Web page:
AT&T's (NYSE:T) stock is generally considered a sound investment for investors looking for stability and income. The giant telecom pays a high forward yield of 5.4%, it's hiked that dividend annually for 35 straight years, and it trades at just 10 times forward earnings. Its massive wireless, wireline, pay-TV, and media businesses also give it a wide moat against its smaller rivals.

However, investors might not realize that AT&T also offers three additional classes of "preferred" shares: series A shares, which were introduced in late 2019; and series B and C shares, which were issued in mid-February. Should investors consider swapping their common shares of AT&T for their preferred counterparts?


There are several key differences between preferred and common shares. First, common shares usually have voting rights, but preferred shares don't.

When a company sells a preferred stock, it doesn't dilute its common shares or give up any ownership rights. In that regard, a preferred stock is more similar to a bond, and it generally underperforms the common stock if it rallies but outperforms it if it slumps.

Preferred shares usually offer a "fixed" dividend that isn't raised or reduced. But if a company is struggling, it must pay preferred shareholders their dividends before paying common shareholders. If a company fails, it must pay preferred shareholders a set "liquidation value" for their shares, while common shareholders can get wiped out.

Many preferred shares are also "callable" or "convertible." Callable shares can be "called" by the company, or exchanged for cash, at its discretion. Convertible shares can be converted to a set amount of common shares if certain conditions are met.

What is AT&T offering?

Last December, AT&T issued $1.2 billion in Series A preferred shares. This stock pays a fixed yield of 5% and can be called with a liquidation preference of $25.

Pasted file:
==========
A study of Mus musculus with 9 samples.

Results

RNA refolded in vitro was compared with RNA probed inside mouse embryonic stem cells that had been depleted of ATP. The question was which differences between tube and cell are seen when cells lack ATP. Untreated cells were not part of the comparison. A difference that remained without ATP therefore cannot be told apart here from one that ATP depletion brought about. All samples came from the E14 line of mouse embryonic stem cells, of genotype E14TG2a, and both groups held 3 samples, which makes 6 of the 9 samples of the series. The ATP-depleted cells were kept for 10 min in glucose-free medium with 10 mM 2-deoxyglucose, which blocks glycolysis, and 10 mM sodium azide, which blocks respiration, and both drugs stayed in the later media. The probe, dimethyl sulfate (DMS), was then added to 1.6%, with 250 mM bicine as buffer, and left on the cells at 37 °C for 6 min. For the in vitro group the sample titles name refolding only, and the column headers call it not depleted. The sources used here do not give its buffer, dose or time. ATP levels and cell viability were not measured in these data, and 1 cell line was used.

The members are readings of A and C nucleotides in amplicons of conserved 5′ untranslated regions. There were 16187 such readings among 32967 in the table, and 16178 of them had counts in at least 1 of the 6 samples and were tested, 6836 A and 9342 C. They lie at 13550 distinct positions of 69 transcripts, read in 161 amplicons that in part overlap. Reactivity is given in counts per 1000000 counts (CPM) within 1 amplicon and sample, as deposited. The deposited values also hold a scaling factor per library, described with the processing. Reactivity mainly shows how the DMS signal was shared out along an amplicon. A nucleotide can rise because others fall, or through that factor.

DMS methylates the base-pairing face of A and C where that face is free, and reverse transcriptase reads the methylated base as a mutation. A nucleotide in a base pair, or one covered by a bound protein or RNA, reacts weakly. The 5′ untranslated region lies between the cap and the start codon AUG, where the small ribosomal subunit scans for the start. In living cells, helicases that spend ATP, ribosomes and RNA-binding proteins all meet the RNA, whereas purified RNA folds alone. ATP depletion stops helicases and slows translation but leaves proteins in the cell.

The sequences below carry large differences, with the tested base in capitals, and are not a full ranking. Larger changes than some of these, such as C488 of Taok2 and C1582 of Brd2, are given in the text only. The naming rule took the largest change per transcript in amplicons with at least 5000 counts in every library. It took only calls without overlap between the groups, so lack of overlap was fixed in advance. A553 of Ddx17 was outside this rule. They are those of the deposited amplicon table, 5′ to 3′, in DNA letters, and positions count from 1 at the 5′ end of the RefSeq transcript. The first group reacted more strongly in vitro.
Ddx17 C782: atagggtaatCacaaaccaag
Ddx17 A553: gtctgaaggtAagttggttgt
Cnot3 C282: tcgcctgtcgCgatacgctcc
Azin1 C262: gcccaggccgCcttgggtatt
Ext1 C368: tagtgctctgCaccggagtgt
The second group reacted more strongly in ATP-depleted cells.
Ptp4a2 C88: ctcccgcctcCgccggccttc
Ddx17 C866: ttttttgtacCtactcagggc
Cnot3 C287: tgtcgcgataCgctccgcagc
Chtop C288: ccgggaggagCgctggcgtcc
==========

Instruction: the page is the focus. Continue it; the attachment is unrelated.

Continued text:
In February, it issued 2 billion euros ($2.2 billion) in Series B preferred shares aimed at big investors, with a liquidation preference of 100,000 euros ($107,946) per share. These shares pay rising fixed distributions, which start at 2.9% (based on its current par value), rise to 3.1% in 2025, and then 3.4% in 2030 and 4.1% by 2045.

AT&T also issued $1.75 billion in Series C preferred shares, which pay a 4.75% yield with a liquidation preference of $25. That was an odd move since investors can simply buy the Series A shares for a higher yield.

AT&T is selling all these shares to reduce the debt it accumulated from its acquisitions of AWS-3 spectrum licenses, DirecTV, and Time Warner. In fiscal 2019, AT&T reduced its long-term debt by $20.3 billion to $151 billion, but its debt-to-adjusted EBITDA ratio of 2.5 remains uncomfortably high.

In short, AT&T needs to raise more cash to reduce its debt, but it doesn't want to dilute its own common shares or incur even more debt. Therefore, issuing new classes of preferred shares seems like an ideal solution.

Why investors should stick with the common shares

AT&T's preferred shares offer investors a way to collect the telco's high dividends without fretting over its sluggish wireless growth, weak pay-TV business, and costly efforts to integrate WarnerMedia and unite a fragmented streaming ecosystem. Yet I believe investors should stick with the common shares, for three simple reasons.


Second, a lot of pessimism is already baked into AT&T's stock. Investors often overlook the potential catalysts -- including the growth of its OTT services, the divestments of its non-core businesses, and the arrival of 5G devices -- which could all boost the stock to fresh highs over the next few years. Preferred shareholders would miss out on those gains.

Lastly, investors who want stable returns from AT&T can simply buy some of its bonds, many of which offer yields comparable to those of its common and preferred stock.

The bottom line

AT&T's preferred shares are fairly safe investments for conservative investors. However, I think most investors should either stick with AT&T's common stock, which offers a higher yield and more upside potential or shop around for other promising dividend stocks instead.